Later today filmmaker and ocean explorer James Cameron will be headlining a hearing in the Senate Commerce Committee about the importance of funding ocean science and exploration. Also on display outside the hearing is the Deepsea Challenger, the submersible Cameron piloted in a historic solo dive to the Challenger Deep in the Marianas Trench.
Fantastic voyages like the one taken by James Cameron are truly inspiring for the sheer physical accomplishment. But they are also a stark reminder of how little we still know and understand about the ocean. In a world where the chemistry of the ocean is now changing faster than life can adapt, it’s vitally important that we learn as much as we can about the ocean to better prepare for the future.
The knowledge gained through these inspiring feats of marine exploration must be used to drive meaningful policy. Today’s hearing is exactly the kind of follow-through that is needed. Blockbuster expeditions like that taken by the Deepsea Challenger are few and far between, but basic research and monitoring of the ocean should be happening every day.
The Senate hearing today will focus on key issues, like how the government could fund more research on critical topics like ocean acidification, or on globally important areas like the Arctic Ocean.
Ocean acidification happens when significant amounts of carbon dioxide pollution are absorbed by the ocean. A chemical reaction is occurring in our oceans right now as our carbon emissions increase, making the water more acidic, thus making it harder for some sea creatures to thrive.
Last year Washington State established a panel to develop recommendations for how the state should address ocean acidification. Its oyster industry nearly went bankrupt because of the problem, and they’re worried about other impacts to species, such as salmon and crab. The panel is providing some money for research but a great deal more is needed to address this challenge. We are just beginning to understand the effects ocean acidification in fragile ecosystems like the Arctic. Other states like California and Maine are beginning to express concerns about ocean acidification as well. Just yesterday Maine’s legislature announced a resolution identifying ocean acidification as jeopardizing their coastal economy.
On the federal level we are fortunate to have the Federal Ocean Acidification Research and Monitoring Act of 2009. That Act was designed to help coordinate and promote research across the country, but right now it is far from being funded at levels that are equal to this massive challenge.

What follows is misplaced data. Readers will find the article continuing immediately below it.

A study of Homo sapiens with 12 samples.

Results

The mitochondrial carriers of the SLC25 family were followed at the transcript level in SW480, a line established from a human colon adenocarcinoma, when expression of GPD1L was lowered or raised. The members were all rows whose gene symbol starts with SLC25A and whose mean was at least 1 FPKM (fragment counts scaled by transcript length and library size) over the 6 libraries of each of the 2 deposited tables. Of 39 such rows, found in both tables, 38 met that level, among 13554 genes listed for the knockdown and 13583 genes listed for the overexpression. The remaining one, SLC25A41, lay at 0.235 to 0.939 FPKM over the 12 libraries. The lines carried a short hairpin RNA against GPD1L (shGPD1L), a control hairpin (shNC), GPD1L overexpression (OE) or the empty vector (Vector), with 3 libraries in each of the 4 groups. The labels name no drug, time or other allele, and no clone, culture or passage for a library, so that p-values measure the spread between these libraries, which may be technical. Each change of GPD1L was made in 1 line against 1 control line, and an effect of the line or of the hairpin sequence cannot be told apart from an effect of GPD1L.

Some non-governmental organizations are responding to the need – the X-Prize foundation is developing a prize for improvements in ocean acidification sensors, but federal funding is still a critical need for scientists working on acidification and businesses impacted by it.
Separate from the challenge of acidification, temperatures in the Arctic are warming at twice the rate of the global average, seasonal sea ice is diminishing rapidly, and there is increased interest in oil exploration, commercial fishing, shipping, and tourism in the region. Senator Begich of Alaska has introduced legislation that acknowledges that lack of integration and coordination among existing Arctic research and science programs has limited our ability to understand the important changes that are taking place in the Arctic. Our understanding of the Arctic marine ecosystem, which provides irreplaceable benefits, is further hampered by a lack of reliable baseline data, critical science gaps, and limited documentation and application and use of traditional knowledge. In addition to urgently-needed baseline data and analysis of ecosystem functions in Arctic marine waters, Senator Begich’s legislation would enable the gathering of information about subsistence resources and patterns of use in local economies, which are essential to the people and cultures coastal communities in the Arctic.
The kind of broad, steady monitoring of the ocean’s health may not be as spectacular as record-breaking dives to the deepest, darkest sea floor, but the knowledge we can gain and the benefits we can reap from a healthy ocean are certainly no less valuable.